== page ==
Tough competition hits Vodafone Ireland revenues

Revenues at Vodafone Ireland fell in its financial year to the end of March, as the mobile phones and broadband giant faced continuing tough competition.

Mobile phone companies are usually a very reliable guide to underlying economic conditions, and across its global operations Vodafone posted a key rise in quarterly sales for the first time in almost three years, in the clearest sign yet that Europe’s mobile market is edging towards recovery.

But revenues in Ireland for the full year fell 2.6% to €935.8m, as the company was squeezed by competition in its inter-operator business and in the pay-as-you-go mobile phone market.

New business from large companies however helped Vodafone grow revenues in its enterprise segment, and it posted an increase in customers using its data, fixed-line and broadband products.

“In a highly competitive market, our performance demonstrates a continued improvement in trends during the year proving the effectiveness of our strategy which is to become the total communications provider of choice in the Irish market,” Vodafone Ireland chief executive Anne O’Leary said.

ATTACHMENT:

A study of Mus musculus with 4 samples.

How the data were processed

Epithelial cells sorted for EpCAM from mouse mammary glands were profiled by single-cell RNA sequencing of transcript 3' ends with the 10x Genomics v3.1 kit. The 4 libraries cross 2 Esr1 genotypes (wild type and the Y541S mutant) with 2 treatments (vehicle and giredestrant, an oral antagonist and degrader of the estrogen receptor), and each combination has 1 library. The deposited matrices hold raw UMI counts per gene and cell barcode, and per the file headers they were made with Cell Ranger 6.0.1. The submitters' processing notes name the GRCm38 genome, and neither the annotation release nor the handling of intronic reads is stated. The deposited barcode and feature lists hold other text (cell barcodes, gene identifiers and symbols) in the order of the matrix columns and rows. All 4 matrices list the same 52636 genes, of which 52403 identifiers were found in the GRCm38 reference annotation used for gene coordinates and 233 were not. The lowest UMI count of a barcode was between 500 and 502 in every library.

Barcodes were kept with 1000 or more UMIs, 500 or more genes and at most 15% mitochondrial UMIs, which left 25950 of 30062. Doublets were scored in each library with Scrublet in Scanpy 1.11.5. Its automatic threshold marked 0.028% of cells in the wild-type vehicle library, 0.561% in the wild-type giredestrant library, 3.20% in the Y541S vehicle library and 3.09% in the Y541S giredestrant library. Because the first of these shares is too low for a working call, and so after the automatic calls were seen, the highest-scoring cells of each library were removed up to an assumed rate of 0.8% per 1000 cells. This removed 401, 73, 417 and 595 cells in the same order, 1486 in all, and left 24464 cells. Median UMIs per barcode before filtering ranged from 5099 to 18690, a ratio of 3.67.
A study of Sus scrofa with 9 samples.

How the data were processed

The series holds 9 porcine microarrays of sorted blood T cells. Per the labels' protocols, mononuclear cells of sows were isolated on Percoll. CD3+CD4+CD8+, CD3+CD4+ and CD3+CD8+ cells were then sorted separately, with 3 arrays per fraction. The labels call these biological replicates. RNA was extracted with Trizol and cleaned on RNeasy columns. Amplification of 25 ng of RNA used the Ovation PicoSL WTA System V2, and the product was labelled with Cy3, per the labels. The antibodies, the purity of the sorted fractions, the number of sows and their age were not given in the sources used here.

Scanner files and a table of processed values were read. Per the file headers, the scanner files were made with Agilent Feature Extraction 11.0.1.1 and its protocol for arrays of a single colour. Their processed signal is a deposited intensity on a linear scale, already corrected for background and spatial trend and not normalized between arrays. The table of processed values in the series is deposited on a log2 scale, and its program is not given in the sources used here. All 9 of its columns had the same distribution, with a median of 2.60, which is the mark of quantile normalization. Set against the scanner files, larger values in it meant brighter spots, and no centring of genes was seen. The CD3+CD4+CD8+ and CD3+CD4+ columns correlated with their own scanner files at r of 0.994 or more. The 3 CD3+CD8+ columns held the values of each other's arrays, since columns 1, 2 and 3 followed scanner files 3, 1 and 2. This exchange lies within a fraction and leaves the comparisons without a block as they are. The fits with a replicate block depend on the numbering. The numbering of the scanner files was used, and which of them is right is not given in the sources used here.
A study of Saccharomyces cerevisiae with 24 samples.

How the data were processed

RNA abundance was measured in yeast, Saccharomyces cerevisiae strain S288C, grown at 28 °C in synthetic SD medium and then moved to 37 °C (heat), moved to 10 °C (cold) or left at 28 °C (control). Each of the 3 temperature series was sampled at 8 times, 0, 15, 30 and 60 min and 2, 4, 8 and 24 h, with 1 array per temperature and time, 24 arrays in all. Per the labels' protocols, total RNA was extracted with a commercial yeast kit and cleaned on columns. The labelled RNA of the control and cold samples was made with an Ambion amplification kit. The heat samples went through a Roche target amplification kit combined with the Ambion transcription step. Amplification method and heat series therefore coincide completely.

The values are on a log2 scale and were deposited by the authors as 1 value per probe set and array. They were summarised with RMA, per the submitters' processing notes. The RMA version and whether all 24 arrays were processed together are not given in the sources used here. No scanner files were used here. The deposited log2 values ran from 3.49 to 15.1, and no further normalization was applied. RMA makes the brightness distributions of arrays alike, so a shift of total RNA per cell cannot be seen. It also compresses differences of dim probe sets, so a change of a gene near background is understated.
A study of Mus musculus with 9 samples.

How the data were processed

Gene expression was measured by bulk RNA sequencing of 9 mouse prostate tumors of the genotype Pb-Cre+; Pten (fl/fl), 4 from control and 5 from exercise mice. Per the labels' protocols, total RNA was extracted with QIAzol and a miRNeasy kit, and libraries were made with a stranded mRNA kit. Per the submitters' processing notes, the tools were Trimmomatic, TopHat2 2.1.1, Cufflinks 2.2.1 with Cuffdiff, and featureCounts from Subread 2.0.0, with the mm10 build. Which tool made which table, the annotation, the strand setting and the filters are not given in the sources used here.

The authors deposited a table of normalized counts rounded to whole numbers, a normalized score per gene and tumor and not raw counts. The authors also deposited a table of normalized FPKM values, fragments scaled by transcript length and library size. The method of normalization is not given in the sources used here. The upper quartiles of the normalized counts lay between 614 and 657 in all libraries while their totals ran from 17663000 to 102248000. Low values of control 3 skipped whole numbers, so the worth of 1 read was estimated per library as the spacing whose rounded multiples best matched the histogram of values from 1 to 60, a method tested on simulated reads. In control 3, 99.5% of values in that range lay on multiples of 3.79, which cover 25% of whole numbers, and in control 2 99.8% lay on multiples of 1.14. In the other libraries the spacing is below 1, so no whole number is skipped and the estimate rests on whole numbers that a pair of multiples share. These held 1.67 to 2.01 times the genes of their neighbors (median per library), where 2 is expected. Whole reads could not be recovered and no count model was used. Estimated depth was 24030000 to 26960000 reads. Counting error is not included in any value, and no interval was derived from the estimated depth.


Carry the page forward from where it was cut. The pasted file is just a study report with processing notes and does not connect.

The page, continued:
The company said it has 2.3m customers in Ireland, of which 2m are mobile users. Customers of its fixed-line and broadband services increased 10% in the year to 282,300.

With the ESB, it continues to drive a €450m investment programme in high-speed broadband in 50 towns. Around the world, Vodafone has 446m mobile customers.

Group-wide revenues showed it posted a slight increase in underlying revenues in the fourth quarter following 10 quarters of declines. That was helped by 6% growth from the Africa, Middle East and Asia Pacific division and an improvement in Europe where it fell by 2.4%, compared with the 2.7% fall in the previous quarter.

“For some time now, Vodafone has been trying to shake off the shackles of being regarded as a company which is ‘ex growth’ and [the] annual reflection points toward some future promise,” said Hargreaves Lansdown Stockbrokers.

Analysts believe the European mobile market is set to stabilise in 2015 and 2016 and should return to top-line growth after that, helped by demand for the more expensive fixed-line fibre services and superfast 4G mobile connections.